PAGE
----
Concrete Deck with Dangerous Gaps (Best Material/Method to fill)


Greeting everyone! My name is Justin and I am totally a construction novice from head to toe. I have been told admitting my problem is the first step LOL:helpme 2:

My Problem(Pictures Below):

My backyard concrete patio originally was designed with wood inserts between each slab of concrete. When we moved in I discovered these wood inserts were termite ridden and creating a termite "path" into my house. So of course I removed them.

I am now left with 3 inch deep gaps between each concrete slab. Not only are these gaps very unsightly, they are also very dangerous for my toddler son.

What material/method would be the best remedy in filling these gaps?
Are there any materials that would be flexible enough not to crack over time?
What tools would I need to complete this job?
And of course...would a complete novice like myself be able to complete this job?

I thank everyone in advance for your time and knowledge.
 

The joints are 2 inches wide and about 3 inches deep.

I appreciate your time.
 

ok - so let's try this - fill jnts w/vermiculite to near proper depth ( 1/2" ) then install sika polyurethane jnt sealant properly tooled against CLEAN jnt sidewalls,,, no thicker than 3/8" tho - best results in afternoon of a sunny day when jnt is narrowest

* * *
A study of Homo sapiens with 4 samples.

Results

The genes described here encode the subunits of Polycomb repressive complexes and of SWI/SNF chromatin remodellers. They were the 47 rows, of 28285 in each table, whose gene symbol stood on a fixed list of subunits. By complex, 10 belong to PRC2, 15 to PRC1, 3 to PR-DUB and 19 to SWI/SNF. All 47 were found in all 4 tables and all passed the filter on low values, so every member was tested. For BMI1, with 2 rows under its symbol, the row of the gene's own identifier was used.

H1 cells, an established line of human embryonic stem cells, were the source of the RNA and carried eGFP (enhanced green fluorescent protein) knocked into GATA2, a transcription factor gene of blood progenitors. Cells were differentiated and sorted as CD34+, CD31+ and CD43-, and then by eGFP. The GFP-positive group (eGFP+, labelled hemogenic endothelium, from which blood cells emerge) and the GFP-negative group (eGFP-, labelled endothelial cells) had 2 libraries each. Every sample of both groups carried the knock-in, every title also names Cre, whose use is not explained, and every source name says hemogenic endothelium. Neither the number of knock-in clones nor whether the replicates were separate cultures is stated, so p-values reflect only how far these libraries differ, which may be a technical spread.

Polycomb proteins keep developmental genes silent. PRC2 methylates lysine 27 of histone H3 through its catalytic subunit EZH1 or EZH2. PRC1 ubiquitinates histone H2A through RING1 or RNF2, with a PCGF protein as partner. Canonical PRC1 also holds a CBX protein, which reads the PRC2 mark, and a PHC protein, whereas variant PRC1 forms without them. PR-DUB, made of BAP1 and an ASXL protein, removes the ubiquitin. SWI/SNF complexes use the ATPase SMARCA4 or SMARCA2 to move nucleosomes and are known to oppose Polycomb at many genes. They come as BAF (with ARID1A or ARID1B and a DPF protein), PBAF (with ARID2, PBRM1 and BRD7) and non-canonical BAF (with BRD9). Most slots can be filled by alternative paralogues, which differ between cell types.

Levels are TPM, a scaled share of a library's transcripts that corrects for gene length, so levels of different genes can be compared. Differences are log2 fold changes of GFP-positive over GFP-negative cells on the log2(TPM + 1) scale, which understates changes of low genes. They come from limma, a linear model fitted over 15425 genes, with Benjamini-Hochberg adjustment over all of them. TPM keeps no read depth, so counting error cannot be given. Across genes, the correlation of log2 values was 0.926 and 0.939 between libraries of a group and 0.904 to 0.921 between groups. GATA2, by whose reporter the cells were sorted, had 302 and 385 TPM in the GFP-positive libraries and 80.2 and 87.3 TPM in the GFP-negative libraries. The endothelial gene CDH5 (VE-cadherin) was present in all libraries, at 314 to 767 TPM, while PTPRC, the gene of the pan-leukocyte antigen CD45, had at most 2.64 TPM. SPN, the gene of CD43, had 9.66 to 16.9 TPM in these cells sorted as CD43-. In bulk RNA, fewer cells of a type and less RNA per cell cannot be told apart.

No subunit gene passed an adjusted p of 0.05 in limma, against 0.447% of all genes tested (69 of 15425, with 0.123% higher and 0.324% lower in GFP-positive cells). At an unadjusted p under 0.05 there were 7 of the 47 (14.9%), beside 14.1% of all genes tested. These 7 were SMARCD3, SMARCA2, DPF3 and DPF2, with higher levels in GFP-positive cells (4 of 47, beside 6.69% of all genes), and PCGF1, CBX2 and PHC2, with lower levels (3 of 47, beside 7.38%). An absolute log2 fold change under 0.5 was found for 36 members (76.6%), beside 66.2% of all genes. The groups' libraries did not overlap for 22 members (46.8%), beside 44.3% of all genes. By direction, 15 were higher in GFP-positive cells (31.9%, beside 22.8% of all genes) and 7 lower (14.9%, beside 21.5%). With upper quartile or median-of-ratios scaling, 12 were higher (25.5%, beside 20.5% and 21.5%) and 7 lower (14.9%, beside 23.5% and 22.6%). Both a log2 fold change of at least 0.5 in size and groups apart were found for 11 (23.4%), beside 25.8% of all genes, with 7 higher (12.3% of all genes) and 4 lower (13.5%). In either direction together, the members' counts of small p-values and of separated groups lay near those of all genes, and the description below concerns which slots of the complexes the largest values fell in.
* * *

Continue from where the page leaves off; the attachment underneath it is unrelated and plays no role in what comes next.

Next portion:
Fill the bottom crack with vermiculite to level it out..(do you mean 1/2" thick level of vermiculite?)

Once bottom is level then trowel the jnt sealant along the side of the walls to no thicker than 3/8ths.

Then insert the cedar or redwood dividers? Should I seal the top of the wood with anything?

Do I have this correct?

Thanks again.
 
 

Or just fill it with pea rock.

BTW - Welcome to the forums!
 
 

I think I will be going with Green Treated Lumber. There seems to be some original concrete at the bottom of the joint that has cracked and worn away over the years. It is very irregular and not very flat...

Should I chisel it all out so that the wood lies flush with the ground? Or should I just shorten the wood height so that the wood does not go all the way to the bottom?

Thanks,
Justin

Oh and thank you very much for the warm welcome. This forum is going to be so helpful.
 
 
 

I am a complete construction novice. We moved into this home about 9 months ago. And since then we are noticing all types of "home handyman" projects. A lot of what was done was done "well" but not correctly... So now I am trying to fix things as they come up.